December 29, 2022 Ciril Godec, MD

Social interaction, having friends besides family, has biological value. It prolongs lifespan and decreases cognitive decline. Social isolation is associated with a 50% increased risk of dementia and also an increased risk of heart disease and stroke. Social isolation has a similar risk on the longevity of your health as smoking, obesity or physical inactivity. Your doctor or nurse practitioner could connect you with many agencies in your community to help you to stay away from loneliness and reconnect with others.

Attitude, whether you’re a pessimist or optimist, matters. Optimists have a glass-half-full outlook — their telomeres are longer, they live longer and they less often have cardiovascular and neurodegenerative diseases (Alzheimer’s and Parkinson’s). Two major studies, after setting controls for other health conditions like nutrition, sleep and exercise, have shown that optimists have a 15% longer longevity than pessimists. Optimists also handle stress better by choosing to pursue long-term goals rather than immediate rewards. Pessimists, on the other hand, generally have a shorter healthy lifespan, more depression and more cognitive decline. Also, pessimism weakens the immune system. 


Hobbies also can increase longevity. Any hobby is healthy for you. If you Google it, you’ll find that the most brain-enhancing activity is ping-pong. It’s easy to learn how to play, and the table is not that expensive; the major consideration is finding a place large enough to put it! Playing a musical instrument can help to grow new brain cells. Hobbies, like writing and painting, are some other activities that promote the growth of brain cells. Indeed, the brain acts like a muscle: the more we use it, the stronger it gets.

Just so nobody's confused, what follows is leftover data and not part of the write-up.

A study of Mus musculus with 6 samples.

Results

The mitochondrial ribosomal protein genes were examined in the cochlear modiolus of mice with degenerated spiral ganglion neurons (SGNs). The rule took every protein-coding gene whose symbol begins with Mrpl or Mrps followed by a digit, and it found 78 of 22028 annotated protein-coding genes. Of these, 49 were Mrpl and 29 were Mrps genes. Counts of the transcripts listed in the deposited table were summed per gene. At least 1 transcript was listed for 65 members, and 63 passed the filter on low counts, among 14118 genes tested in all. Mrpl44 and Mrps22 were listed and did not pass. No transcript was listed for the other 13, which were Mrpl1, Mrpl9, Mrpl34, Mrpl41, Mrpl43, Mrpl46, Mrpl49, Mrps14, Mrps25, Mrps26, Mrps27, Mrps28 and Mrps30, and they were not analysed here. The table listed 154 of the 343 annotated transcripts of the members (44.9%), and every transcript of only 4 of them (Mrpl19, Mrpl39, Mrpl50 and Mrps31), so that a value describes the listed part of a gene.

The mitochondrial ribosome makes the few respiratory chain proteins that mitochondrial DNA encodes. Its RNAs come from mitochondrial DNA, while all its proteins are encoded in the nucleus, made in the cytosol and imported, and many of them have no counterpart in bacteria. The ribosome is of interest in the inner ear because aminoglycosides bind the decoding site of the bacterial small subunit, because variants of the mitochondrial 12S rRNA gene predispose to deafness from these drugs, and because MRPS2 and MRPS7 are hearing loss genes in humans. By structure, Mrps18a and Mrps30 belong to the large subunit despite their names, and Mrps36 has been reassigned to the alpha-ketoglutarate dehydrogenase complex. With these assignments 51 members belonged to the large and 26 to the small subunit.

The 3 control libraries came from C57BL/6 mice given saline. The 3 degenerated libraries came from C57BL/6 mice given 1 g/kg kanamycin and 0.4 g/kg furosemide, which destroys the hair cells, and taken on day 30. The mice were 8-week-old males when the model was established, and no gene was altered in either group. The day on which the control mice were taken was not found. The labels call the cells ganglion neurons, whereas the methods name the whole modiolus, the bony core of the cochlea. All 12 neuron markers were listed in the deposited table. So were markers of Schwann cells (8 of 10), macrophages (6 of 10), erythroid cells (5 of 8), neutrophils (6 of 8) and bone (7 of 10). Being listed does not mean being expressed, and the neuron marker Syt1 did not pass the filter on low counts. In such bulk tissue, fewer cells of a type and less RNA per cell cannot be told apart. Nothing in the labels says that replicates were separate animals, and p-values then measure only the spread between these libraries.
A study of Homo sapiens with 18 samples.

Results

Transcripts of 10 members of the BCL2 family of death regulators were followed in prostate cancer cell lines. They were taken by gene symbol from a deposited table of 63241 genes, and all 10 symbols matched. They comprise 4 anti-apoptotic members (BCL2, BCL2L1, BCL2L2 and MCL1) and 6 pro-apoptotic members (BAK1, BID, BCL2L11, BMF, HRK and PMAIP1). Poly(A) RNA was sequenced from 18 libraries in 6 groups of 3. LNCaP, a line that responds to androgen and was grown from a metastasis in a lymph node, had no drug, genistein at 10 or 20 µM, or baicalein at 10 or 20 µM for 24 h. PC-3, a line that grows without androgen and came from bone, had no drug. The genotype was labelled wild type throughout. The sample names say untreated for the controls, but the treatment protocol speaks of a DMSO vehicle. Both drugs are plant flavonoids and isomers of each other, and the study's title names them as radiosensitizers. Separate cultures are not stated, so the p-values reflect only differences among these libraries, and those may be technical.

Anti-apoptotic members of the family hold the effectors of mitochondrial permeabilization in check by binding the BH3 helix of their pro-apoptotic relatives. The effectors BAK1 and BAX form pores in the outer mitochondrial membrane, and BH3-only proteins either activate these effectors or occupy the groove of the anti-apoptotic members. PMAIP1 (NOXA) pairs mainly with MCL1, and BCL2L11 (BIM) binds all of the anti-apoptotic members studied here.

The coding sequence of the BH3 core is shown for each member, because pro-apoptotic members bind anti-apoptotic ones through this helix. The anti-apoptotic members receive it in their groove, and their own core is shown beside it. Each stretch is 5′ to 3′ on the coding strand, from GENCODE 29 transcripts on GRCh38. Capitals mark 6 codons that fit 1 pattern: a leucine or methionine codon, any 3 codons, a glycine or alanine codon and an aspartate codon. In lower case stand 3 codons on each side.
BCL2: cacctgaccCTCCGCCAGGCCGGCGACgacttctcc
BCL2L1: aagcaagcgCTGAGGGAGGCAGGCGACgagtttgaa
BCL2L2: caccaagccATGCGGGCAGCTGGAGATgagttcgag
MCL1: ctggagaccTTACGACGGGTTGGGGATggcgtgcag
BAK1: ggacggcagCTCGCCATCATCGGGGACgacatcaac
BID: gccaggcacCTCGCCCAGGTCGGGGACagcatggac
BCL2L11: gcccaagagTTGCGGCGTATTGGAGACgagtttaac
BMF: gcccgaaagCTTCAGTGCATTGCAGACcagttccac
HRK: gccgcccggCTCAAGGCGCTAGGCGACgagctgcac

Constant learning promotes the growth of our brain cells. Learning something new every day will not only contribute to your longevity but will keep you younger for longer. You can take courses in your community centers or via the Internet.

According to many researchers, the level of education  contributes to longevity. Individuals with college degrees not only have a higher income, but they also generally live longer and are healthier. So, if you want to live longer, educate yourself as much as you can. Some reports indicate that a higher IQ can also increase longevity. 

As you have noticed by now, your lifestyle really matters. When discussing how some friend got cancer or early cognitive decline, we sometimes hear, “It’s all in the genes; nothing can be done to prevent cancer or heart problems; my mother had it, my brother has it” — true in only about 15 percent. Indeed, we cannot change our genes, but with our lifestyle, we control our epigenome, which is responsible for which genes get activated and which get silenced. All the above parameters of our lifestyle are under our control. So, by paying attention to our lifestyle, we have, to a degree, some control over our destinies. 

Do we smoke or not? Are we eating too much and becoming overweight? Do we get out and socialize or not? Of course, we need some luck in life as well; car accidents will still happen, some cancers will still be with us and some murderers will still kill people. But, to a major degree, we can prevent many cancers and live longer. So, let’s do it. All of the above could be a part of your New Year’s resolutions. 

Happy New Year to you.

Dr. Ciril Godec is a Professor of Urology at Downstate Medical Center and was chairman of the Department of Urology at Long Island College Hospital for thirty years. He recently retired and is an honorary staff member at Maimonides Medical Center, where he served as Urology Residency Director and later Deputy Director of Urology since 2013. He is also a Board member at Cobble Hill Health Center.
Dr. Godec, who just celebrated his eighty-fifth birthday this past Valentine’s Day, is currently co-authoring his third book, “How to Declare Aging a Disease”.